CSERV helping children with autism get support without leaving home

ATLANTA -- (11/15/2017) -- One in 68 American kids has autism. Boys are four times more likely to have autism than girls. Most experts say applied behavioral therapy is essential for helping kids improve communication and social skills. But, when parents seek help, they are often frustrated by long wait lists for appointments or lengthy trips into the city. But now, a first of its kind provider channels support into homes at the time when it’s needed the most.

Lila and Kai Watai are twins.

“Kai can be a chatty Cathy and he started that right off the bat, and she wouldn’t really communicate,” explained Lauren Watai, Kai and Lila’s Mom.

But by age two, Lila’s behaviors set off alarm bells in Lauren’s head.

Lauren continued, “She would kind of point or express her needs in nonverbal ways.”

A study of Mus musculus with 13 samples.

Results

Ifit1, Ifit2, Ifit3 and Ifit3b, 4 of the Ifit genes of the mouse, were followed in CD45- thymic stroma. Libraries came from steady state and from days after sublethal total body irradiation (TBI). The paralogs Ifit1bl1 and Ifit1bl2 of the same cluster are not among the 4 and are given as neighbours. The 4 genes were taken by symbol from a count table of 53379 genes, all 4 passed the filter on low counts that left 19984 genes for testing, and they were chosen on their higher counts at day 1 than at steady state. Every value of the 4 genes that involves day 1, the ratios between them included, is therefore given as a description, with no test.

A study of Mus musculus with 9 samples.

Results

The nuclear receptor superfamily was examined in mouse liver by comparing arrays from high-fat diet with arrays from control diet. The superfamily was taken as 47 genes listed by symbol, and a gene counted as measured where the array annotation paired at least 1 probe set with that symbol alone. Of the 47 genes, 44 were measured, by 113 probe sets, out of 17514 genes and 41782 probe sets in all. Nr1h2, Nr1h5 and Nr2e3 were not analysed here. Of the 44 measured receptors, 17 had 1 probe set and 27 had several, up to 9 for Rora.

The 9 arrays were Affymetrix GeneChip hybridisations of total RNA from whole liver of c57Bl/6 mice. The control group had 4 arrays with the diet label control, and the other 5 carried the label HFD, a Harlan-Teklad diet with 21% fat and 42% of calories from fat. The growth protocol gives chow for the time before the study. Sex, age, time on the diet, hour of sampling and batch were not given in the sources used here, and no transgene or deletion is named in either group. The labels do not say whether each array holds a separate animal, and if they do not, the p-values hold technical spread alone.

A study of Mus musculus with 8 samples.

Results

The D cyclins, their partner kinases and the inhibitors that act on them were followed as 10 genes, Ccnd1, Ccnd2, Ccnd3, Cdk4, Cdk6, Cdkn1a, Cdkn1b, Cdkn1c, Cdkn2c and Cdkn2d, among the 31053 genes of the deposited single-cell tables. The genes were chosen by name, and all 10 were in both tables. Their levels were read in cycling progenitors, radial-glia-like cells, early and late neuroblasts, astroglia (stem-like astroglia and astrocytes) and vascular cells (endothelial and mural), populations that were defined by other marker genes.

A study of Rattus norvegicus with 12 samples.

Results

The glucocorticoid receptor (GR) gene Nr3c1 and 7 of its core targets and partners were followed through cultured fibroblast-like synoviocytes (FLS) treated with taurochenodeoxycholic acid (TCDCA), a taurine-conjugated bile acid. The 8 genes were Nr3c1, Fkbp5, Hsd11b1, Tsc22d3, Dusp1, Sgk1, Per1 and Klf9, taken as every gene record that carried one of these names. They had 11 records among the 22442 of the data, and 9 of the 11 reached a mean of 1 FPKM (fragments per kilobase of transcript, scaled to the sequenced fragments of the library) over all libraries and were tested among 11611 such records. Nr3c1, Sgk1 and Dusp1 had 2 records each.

Despite a pediatrician’s insistence that Lila was fine, Lauren sought out a specialist who told her Lila had autism.

“We’re gonna attack this thing. We’re not messing around.” Lauren said.

Lauren found a solution, on a small screen.

Erica Nolan is clinical director for CSERV, the first in the country to provide telehealth services exclusively for autism. Applied behavioral analysis focuses on changing behaviors and may require many hours of specialized therapy. Time and distance can be obstacles.

Nolan stated, “We do have a significant amount of families that are in rural areas and have difficulty obtaining behavioral services. Some have been placed on waiting lists I’ve heard from six months up to a year, even past that.”

With CSERV, therapists and parents schedule regular appointments over a computer watching interactions or providing feedback.

“We need to know how to handle unwanted behaviors and how to get good behavior out of her and good communication,” said Lauren.

While ABA is covered by most insurance companies, not all companies cover the telehealth services. A recent study by researchers at Michigan state university found that telehealth programs were helpful in improving a child’s social communication using ABA intervention techniques.